Congressman's niece, US college student among those killed in South Korea Halloween crowd surge
(The Hill) – The niece of Rep. Brad Wenstrup (R-Ohio) was among more than 150 people killed in a crowd surge in South Korea over the weekend, according to the lawmaker’s office.
“Monica and I, and our entire family, are grieving the loss of our niece Anne Marie Gieske. She was a gift from God to our family. We loved her so much,” Wenstrup said in a statement.
The deadly crowd surge during a Halloween celebration in Seoul took the lives of at least 153 people, including 26 foreigners — two of whom were Americans. Another 133 people were injured, as of counts from Sunday evening.
Gieske was a nursing major at the University of Kentucky and had been studying in South Korea for a semester abroad.
“There aren’t adequate or appropriate words to describe the pain of a beautiful life cut short. It isn’t fair, nor is it comprehensible. It is loss and it hurts in ways that are impossible to articulate,” the university’s president Eli Capilouto said in a statement.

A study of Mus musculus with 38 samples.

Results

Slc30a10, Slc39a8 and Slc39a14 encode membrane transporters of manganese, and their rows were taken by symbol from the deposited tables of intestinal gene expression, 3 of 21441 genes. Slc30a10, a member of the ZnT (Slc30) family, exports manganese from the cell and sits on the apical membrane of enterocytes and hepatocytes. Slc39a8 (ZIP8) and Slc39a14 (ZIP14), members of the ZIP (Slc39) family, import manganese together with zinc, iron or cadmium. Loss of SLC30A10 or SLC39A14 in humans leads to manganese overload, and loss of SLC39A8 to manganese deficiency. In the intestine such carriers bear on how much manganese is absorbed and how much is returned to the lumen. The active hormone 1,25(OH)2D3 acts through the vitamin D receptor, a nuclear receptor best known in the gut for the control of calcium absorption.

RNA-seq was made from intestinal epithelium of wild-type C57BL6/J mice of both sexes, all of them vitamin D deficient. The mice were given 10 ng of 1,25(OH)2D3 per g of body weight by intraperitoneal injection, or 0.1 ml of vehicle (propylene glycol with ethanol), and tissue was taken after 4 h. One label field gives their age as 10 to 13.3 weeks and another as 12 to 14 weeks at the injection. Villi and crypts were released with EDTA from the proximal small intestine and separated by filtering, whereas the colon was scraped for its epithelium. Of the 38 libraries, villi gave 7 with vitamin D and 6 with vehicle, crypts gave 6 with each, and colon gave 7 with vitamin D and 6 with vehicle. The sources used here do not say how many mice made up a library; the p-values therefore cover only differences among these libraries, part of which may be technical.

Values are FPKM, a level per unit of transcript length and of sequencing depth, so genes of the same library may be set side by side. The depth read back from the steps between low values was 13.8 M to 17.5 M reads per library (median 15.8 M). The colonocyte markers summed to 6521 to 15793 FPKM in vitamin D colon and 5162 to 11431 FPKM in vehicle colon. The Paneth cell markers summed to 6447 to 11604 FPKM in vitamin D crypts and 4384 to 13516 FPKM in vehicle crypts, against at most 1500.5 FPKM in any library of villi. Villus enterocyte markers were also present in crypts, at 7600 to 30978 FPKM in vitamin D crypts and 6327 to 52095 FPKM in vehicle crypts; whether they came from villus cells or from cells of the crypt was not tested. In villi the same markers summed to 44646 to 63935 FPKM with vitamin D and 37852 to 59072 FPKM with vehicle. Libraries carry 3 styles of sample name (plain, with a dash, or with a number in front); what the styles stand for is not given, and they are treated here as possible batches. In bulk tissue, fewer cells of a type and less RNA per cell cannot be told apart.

Gieske’s parents, Dan and Madonna Gieske, asked for privacy as they grieve the loss of their daughter.
“We are completely devastated and heartbroken over the loss of Anne Marie. She was a bright light loved by all,” they said in a statement accompanying Wenstrup’s announcement.
The other American identified among the casualties was 20-year-old Steven Blesi, a student at Georgia’s Kennesaw State studying international business who was also in the country to study aboard.
Nearly two-thirds of those killed in the crowd surge were women, and over 80 percent were young people in their 20s and 30s, according to The Associated Press.
South Korea has deployed a 475-member task force to investigate the surge, and President Yoon Seok-yeol declared a week-long national mourning period starting Sunday.